WARSAW, Poland (AP) — Warsaw's mayor harshly denounced a government plan to enlarge the Polish capital to incorporate 32 neighboring municipalities, describing it Thursday as the type of power grab one expects in an authoritarian state like Belarus or Russia.
The plan would increase the chances of the conservative ruling Law and Justice winning control of Warsaw in local elections in 2018. The city's residents tend to be more liberal and more critical of the government than those in surrounding areas, so they could potentially be outvoted.
Work on the plan comes as Law and Justice is centralizing its power in ways denounced by opponents as anti-democratic.
Mayor Hanna Gronkiewicz-Waltz, with the opposition centrist Civic Platform party, said that it was a "disgrace."
"It pushes us in the direction of Belarus or even Moscow," she said.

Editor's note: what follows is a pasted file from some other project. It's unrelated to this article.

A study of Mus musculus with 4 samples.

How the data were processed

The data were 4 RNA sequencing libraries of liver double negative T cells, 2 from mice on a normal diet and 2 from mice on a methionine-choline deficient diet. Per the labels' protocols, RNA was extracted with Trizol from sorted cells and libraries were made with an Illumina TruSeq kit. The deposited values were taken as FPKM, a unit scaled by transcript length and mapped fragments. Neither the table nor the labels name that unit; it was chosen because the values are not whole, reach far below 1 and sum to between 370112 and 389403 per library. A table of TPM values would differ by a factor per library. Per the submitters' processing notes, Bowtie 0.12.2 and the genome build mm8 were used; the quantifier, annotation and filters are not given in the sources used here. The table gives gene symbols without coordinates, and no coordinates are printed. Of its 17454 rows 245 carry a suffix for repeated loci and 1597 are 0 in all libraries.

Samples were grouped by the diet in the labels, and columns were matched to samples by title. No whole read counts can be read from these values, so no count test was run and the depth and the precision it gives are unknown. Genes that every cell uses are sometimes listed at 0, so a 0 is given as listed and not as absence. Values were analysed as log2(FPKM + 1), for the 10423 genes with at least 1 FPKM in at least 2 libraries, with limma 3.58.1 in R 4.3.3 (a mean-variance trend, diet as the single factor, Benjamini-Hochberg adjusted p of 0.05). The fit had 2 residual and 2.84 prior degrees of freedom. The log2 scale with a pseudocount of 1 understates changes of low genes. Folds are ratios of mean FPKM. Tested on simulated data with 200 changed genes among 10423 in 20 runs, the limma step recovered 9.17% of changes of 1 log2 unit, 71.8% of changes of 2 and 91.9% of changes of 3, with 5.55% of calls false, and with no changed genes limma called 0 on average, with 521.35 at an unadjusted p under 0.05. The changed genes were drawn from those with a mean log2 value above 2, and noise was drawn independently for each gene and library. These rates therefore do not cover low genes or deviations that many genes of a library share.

Prime Minister Beata Szydlo says that many people in outlying areas want to be incorporated because they would benefit financially and in other ways, allowing, for instance, for the development of improved public transportation for those outside the city.
Another supporter, Senate Speaker Stanislaw Karczewski, said that Warsaw residents now have an "incomparably higher standard of living" and that incorporation would give greater accessibility to culture, art, education and health care to those in outlying areas.
If implemented, the city of 1.7 million people would become geographically bigger than New York or London. The city is 517 square kilometers (200 square miles); with the change it would swell to 2,514 square kilometers (970 square miles).
Warsaw and many other big cities are run by opposition parties, making them points of resistance to the populist government.
Law and Justice also wants to impose limits of two terms for mayors and other local officials before the 2018 elections. That plan is also being sharply criticized as an attempt to strengthen the party's power.
Monika Scislowska contributed to this report.